Refuge helps prepare women and children for life after abuse

Story by Diane Parr – Domestic Abuse Refuge Worker

I think for many people it’s easy to forget that a refuge is so much more than four walls and a roof where women and their children find safety and relief from domestic abuse.


When you think about the names a refuge has acquired over the years – safe house, halfway home, home for battered wives – it’s no surprise people don’t always see more than bricks and mortar. But since the day I walked into a Llamau refuge, every preconceived idea I ever had stayed at the door. I walked into a home that day, not just a building.

When a woman comes into a Llamau refuge she’s reassured that alongside her own personal space and time, she also has our full care and commitment. What that means is that anytime she has a wobble and needs a friendly chat, we’re here. Anytime she needs a moment to be alone, we’re here for her children. Anytime she doesn’t know what she needs, we’re here to remind her that’s normal.

It can be very difficult for a woman to process why abuse has happened to her and for a time she’ll likely blame herself for it.


Her mind will take her on a journey that throws out questions she’s unable to answer and she’ll often consider whether the abuse was that bad, so should she return home. Refuge grants her the time and space to process these thoughts and begin to understand why she’s thinking and feeling the way she does. Through one to one sessions, group work and the New Beginnings programme, we come together to not only help her understand and come to terms with abuse but to start the process of moving on from it.

The trauma of domestic abuse often leads to unhealthy coping mechanisms that help them to deal with the trauma they’ve experienced. Some women may use drugs or alcohol as a way to numb their pain and dull their memories. As Refuge Workers it’s our job to help a woman make up her own mind about whether she should carry on with these unhealthy behaviours and to work with her to get the right support in place, so she can move away from them when the time is right. A woman recently told me how she respected the fact we never stopped her doing anything but through the questions we asked her, she realised stopping was the best thing she could do.

Refuge is also a place to help children heal from the trauma of abuse.


Within our refuges we have rooms set up just for children, allowing them to relax and play in their own space. A lot of the time, children don’t understand why they’ve had to move from the family home, so they act out and become quite hard to parent. A mother who’s had to muster all her will to walk away from an abusive relationship needs time to heal and so can find the behaviour of her children very draining during this time. My colleagues and I within the refuge recognise that children need their own support because they’re on their own journey of recovery. Although there is normally a lead Support Worker with child support skills, we all come together to help children just like we do their mums.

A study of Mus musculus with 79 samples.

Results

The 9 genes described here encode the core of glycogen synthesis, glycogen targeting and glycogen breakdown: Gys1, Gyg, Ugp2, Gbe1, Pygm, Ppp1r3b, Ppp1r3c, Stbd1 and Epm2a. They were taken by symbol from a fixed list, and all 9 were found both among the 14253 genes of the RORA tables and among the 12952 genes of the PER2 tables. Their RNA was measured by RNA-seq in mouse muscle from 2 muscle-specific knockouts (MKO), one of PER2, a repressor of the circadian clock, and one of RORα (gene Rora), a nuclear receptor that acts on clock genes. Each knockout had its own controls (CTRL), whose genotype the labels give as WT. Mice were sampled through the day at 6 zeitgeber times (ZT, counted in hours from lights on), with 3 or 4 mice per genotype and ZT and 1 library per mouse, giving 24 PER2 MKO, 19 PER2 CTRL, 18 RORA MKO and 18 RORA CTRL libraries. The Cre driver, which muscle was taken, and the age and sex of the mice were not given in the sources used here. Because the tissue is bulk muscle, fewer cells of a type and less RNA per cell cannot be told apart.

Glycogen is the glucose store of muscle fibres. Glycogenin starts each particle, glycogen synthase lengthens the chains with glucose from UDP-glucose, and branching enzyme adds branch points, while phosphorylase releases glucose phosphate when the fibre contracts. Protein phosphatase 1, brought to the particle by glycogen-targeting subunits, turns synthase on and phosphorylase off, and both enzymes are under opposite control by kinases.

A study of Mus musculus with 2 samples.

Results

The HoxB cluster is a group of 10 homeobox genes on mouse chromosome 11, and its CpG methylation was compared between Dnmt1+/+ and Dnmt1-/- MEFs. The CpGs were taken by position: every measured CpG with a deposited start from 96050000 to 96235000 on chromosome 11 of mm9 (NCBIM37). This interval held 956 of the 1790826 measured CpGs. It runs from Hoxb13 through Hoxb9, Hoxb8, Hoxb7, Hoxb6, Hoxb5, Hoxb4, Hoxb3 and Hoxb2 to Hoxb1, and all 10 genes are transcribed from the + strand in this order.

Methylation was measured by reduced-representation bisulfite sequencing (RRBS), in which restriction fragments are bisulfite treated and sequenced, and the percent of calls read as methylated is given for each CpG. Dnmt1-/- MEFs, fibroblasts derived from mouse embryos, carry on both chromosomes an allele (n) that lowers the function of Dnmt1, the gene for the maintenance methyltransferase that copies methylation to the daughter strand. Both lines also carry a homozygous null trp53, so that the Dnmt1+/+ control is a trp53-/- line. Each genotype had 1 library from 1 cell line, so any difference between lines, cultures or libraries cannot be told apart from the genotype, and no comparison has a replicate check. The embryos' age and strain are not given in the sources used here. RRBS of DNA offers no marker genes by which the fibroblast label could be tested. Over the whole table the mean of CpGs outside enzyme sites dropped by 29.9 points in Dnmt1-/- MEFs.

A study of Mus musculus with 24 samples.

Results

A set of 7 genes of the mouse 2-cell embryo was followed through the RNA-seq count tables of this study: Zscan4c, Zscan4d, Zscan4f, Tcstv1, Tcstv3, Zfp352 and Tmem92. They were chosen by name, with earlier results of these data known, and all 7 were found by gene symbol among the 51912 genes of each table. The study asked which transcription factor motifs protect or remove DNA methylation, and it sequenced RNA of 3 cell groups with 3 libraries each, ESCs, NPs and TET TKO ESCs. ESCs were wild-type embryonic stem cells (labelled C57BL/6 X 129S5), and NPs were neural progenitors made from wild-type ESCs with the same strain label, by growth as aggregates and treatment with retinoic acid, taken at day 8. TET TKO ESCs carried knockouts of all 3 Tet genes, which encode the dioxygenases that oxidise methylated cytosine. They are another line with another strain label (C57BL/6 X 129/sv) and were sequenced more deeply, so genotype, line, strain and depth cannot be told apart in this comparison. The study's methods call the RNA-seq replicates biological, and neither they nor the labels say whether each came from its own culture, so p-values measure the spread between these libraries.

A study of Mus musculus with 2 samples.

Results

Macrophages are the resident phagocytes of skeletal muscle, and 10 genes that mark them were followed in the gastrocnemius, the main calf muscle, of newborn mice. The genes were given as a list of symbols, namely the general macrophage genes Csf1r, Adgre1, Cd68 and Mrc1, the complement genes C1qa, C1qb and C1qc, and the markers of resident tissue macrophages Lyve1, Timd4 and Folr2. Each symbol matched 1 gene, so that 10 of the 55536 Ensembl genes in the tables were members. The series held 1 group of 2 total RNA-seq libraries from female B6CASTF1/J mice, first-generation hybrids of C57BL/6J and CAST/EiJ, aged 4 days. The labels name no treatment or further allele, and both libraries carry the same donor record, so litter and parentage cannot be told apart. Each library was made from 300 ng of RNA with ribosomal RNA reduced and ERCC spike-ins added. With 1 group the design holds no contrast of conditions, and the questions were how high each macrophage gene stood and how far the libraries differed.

Some women come into refuge having had their children removed from their care because of the abuse she’s been put through. It’s not uncommon to read on a women’s paperwork from Social Services that her children have been removed due to her inability to keep them safe. I know I’m not the only person that finds it hard to digest the fact that we live in a world where the victim of abuse is blamed for the removal of her children rather than the perpetrator of the abuse. If this is the case for a woman in refuge, we work so hard to help her understand that this is a narrative that desperately needs to be changed and we do all we can to support her to get her children back.

Towards the end of a women’s stay in refuge we start the process of supporting her in finding her new home.


The legalities and procedures of finding accommodation can be overwhelming for anyone, so we do all we can to support women through this part of their journey. Even when their new home is found they can feel safe in the knowledge that our support will continue through floating support services.

I’ve only worked with Llamau for just over a year now but already I’ve been privileged enough to meet so many courageous women. And not just the women in need of our support but my Llamau colleagues and peers too. Together we do all we can to support and prepare women and children for life after abuse. Because even though it takes them a while to see it themselves, we know a new chapter is beginning for these brave women.


women and children to move on from abuse.